In the past years, anti-Israel activists and anti-Semites have tried to delegitimize the State of Israel in that they tried to characterize Israel as an Apartheid State.
There is hope that this false comparison will smear the name of Israel and encourage actions similar to those taken against South Africa. This comparison is malicious and insults the South Africans who suffered under real apartheid.
Today in Israel, even though Jews are the majority, the Arab minority that lives in the State enjoy full and equal rights and are represented in every aspect of the market. Arabs are able to vote and are being represented in the Israeli Knesset. They work in high positions in the courts, the health system, the police and more.
Unlike Israel, in the discriminatory policies that existed in the apartheid era of South Africa, skin color determined every aspect of a citizen’s life. Black South Africans were not able to vote and were not considered citizens. Racists laws determined where they could live, work, which schools they could attend and which roads they could drive on. The South African government murdered blacks that protested these policies.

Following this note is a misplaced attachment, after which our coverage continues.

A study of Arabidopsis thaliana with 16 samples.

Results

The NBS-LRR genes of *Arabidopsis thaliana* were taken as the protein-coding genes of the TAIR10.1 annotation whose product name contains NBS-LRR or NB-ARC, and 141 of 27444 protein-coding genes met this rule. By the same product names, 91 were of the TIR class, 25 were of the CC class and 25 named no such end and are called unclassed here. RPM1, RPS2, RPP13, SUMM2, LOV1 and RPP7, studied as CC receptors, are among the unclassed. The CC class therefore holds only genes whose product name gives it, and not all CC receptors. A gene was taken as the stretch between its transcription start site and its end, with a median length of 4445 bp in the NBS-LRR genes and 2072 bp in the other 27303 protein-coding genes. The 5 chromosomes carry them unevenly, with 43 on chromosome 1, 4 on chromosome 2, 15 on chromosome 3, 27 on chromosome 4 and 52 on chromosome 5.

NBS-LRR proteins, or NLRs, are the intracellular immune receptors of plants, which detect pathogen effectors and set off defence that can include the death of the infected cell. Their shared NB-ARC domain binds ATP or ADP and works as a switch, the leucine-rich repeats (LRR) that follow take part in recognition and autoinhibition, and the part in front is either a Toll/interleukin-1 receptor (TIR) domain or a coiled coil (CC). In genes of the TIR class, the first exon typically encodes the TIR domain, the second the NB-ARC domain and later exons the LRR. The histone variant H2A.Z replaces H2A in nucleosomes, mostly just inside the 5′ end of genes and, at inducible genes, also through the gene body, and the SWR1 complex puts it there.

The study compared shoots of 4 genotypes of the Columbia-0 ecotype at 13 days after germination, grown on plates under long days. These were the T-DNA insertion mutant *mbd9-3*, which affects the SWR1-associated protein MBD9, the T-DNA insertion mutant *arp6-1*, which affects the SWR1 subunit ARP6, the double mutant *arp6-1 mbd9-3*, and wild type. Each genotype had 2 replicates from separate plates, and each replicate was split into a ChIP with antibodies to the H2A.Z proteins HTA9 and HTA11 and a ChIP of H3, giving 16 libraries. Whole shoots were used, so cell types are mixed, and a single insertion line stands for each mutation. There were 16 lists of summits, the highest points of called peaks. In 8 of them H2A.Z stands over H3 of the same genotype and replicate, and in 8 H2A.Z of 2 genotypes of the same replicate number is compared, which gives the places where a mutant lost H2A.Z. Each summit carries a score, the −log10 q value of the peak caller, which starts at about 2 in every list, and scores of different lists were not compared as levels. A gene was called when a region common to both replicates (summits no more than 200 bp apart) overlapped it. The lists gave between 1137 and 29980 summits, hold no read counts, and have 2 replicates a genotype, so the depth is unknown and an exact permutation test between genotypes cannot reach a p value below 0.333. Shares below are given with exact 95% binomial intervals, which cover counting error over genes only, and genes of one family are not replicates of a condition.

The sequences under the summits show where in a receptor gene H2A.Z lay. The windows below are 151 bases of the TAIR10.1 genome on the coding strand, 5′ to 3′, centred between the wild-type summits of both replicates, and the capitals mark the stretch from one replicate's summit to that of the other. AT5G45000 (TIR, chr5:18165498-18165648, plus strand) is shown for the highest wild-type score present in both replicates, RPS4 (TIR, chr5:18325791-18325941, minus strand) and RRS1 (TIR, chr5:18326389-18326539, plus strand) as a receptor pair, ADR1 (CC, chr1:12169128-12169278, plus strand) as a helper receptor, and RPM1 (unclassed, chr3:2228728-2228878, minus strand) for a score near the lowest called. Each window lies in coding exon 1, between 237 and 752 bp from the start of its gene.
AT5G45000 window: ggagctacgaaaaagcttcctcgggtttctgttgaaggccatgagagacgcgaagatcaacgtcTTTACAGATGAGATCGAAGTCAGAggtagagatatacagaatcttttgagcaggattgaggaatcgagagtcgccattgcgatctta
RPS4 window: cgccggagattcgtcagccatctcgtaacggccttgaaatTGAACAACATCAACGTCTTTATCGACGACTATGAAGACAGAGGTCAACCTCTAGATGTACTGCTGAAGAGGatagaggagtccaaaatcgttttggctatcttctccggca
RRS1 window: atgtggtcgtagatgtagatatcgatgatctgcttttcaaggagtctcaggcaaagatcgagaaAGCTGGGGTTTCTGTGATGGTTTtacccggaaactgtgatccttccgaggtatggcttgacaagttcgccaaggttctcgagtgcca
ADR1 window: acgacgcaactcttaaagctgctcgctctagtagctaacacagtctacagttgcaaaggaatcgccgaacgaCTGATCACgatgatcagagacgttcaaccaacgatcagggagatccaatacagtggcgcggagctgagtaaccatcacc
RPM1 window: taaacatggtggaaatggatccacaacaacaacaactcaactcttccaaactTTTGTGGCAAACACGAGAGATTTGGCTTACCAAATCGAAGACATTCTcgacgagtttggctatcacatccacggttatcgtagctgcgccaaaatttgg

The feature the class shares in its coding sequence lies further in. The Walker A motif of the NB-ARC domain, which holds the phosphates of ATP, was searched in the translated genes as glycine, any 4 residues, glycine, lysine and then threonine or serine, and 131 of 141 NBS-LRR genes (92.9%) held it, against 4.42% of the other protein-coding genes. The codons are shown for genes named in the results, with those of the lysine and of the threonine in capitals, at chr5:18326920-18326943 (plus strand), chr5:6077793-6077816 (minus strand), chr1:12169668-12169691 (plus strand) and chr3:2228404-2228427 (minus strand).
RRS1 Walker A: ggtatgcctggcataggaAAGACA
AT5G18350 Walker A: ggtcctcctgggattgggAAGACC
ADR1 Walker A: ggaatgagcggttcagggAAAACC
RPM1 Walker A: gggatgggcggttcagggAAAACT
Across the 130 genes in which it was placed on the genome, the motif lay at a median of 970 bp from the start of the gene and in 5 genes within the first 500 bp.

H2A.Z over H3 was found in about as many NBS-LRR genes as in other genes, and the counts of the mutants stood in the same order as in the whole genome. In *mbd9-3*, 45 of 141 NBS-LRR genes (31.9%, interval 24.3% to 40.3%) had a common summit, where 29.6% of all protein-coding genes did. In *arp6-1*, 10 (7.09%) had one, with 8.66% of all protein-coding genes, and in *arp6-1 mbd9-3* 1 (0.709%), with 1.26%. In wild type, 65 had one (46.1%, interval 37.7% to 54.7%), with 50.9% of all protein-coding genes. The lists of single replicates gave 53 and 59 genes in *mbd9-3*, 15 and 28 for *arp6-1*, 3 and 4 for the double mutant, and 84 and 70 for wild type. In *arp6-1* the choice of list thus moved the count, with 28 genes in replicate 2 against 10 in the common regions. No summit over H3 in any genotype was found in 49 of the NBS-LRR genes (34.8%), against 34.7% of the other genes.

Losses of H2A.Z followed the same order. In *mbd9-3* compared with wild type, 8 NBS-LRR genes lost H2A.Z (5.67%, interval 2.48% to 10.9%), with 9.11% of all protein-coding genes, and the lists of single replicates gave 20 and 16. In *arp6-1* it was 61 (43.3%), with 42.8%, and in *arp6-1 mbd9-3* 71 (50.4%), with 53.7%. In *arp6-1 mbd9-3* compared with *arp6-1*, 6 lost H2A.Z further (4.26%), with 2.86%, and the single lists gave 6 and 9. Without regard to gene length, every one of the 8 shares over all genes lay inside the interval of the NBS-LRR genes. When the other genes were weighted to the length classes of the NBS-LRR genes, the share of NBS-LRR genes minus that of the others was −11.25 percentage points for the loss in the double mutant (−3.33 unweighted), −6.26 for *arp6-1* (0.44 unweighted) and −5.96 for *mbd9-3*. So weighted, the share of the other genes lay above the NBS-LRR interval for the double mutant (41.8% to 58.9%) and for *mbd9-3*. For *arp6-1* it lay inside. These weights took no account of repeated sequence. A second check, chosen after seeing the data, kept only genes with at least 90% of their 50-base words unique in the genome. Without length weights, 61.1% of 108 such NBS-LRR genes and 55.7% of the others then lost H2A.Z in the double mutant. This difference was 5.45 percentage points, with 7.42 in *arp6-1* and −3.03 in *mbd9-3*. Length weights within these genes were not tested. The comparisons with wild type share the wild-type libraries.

On the other hand, Israel allows freedom of travel, the right to protest, and freedom of speech. An example of this: some of the biggest critics of Israel are Arab Knesset members who are free to protest and criticize the government without fear of their rights being violated.
Even the author of the Goldstone Report, Richard Goldstone, who cannot be seen as pro-Israel ruled that:
“This is not apartheid that values the intentional separation of races as a value. In Israel, equal rights is the law, the goal, and the ideal.”
Our historical and national right to the State of Israel is based on a 3,000-year connection – we are the original indigenous of this land! This right was recognized by the General Assembly of the United Nations on November 29, 1947. Moreover, our international legal rights rely on the Balfour Declaration in 1917, which was officially and legally accepted and recognized by the League of Nations in the San-Remo Conference in 1920. There are 130 countries in the world with a Christian majority, 49 with a Muslim majority, 3 with a Hindu majority and only one Jewish state on an area representing 1/800 of the size of the entire Arab world.